Welcome back to Fan Chant, a weekly column for K-pop fans, stans, and newbies alike. This week, a language expert weighs in on how music can help our brains learn faster. And P.S. — if you love reading Fan Chant, you can subscribe to my companion newsletter to get it delivered right to your inbox each week!
It’s a long-running joke within the BTS fandom, and one that’s had waves of resurgence in the TikTok age: We all become fluent in Korean when “Just One Day” comes on. The song dropped way back in 2014 (a decade ago!) on the band’s second EP, Skool Luv Affair, but has stayed in heavy rotation throughout the last ten years.
As members of ARMY can attest, there’s just something about that chorus that flows so smoothly — even those of us totally unfamiliar with the language manage to pick it up quickly and easily. Personally, I know some basics; I can introduce myself and count to three, but I don’t know how to read Hangul and have yet to tackle the tricky grammar and sentence structure. I do think I would be pretty unstoppable as an interviewer if I could speak Korean, so maybe this is the universe keeping me in balance. But regardless — turn on “Just One Day,” and I’m locked in.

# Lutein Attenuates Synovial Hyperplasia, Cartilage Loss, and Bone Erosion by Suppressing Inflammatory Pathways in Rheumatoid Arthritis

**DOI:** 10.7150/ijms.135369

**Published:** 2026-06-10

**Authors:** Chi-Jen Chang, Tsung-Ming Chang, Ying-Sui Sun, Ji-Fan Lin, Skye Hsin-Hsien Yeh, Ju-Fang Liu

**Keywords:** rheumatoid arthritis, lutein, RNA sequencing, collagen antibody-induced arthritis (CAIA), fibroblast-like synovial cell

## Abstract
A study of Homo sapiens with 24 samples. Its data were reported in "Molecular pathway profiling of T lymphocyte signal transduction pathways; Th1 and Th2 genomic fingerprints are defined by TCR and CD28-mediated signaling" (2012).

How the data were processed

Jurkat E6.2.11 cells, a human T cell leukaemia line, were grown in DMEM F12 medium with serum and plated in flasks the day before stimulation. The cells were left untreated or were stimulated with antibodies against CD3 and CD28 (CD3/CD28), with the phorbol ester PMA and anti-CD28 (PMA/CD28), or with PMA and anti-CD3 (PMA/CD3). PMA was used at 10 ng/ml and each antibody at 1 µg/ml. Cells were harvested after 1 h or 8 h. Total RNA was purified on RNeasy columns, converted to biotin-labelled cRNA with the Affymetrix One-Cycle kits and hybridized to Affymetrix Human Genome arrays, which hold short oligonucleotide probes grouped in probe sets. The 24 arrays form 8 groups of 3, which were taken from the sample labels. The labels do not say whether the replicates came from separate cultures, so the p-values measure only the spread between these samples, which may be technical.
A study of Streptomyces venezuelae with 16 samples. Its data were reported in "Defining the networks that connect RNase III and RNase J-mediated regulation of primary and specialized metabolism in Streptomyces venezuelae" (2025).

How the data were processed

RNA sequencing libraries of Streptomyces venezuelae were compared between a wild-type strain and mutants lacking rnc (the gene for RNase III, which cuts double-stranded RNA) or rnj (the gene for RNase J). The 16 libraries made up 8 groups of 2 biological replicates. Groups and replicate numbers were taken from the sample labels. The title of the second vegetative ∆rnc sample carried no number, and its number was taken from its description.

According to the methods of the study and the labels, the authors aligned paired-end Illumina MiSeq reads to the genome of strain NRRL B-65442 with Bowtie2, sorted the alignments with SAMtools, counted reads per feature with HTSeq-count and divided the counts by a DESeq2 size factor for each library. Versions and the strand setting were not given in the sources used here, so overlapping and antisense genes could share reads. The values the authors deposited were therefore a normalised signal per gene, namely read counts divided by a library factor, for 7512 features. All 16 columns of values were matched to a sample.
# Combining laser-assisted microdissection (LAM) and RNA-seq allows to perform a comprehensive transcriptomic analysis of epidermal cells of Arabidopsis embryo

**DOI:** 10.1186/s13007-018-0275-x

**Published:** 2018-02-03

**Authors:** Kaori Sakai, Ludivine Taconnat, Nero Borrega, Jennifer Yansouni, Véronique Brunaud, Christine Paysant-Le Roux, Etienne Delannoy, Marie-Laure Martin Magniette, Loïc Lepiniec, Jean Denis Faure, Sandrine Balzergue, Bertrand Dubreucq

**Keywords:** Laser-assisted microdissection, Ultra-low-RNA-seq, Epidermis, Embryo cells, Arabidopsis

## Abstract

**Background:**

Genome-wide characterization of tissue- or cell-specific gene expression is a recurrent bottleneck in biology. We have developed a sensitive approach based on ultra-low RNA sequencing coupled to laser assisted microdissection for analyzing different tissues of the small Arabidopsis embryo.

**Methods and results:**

According to a study commissioned by the folks at LTL Language School, this phenomenon makes sense. “The intersection of entertainment and education underscores how music acts as a gateway to language acquisition,” they explain, naming the song as an example of “easing your way into learning Korean.”
In the case of “Just One Day” in particular, which they note as “one of the most accessible songs to follow if you’re trying to learn Korean,” the clear pronunciation from the members, the soothing nature of the song, and BTS’s emotional delivery combine to make it that much easier to understand. Even listeners who could never begin to translate word for word understand the message and themes being communicated — but those who do have a basis to start to mentally translate will be in a great place.
According to these researchers, BTS’s music is a great place to start for other reasons, too. Longtime members of the fandom know this already, but the wealth of resources available for people curious about delving deeper into lyric translations is so vast and rich. The study goes on to shout out some other K-pop favorites, like IU’s “Lilac,” which is also so dreamy and wonderful, but I’d love to hear about more songs you’ve found have that magic effect on your brain. In the meantime, I’m gonna give this classic a spin.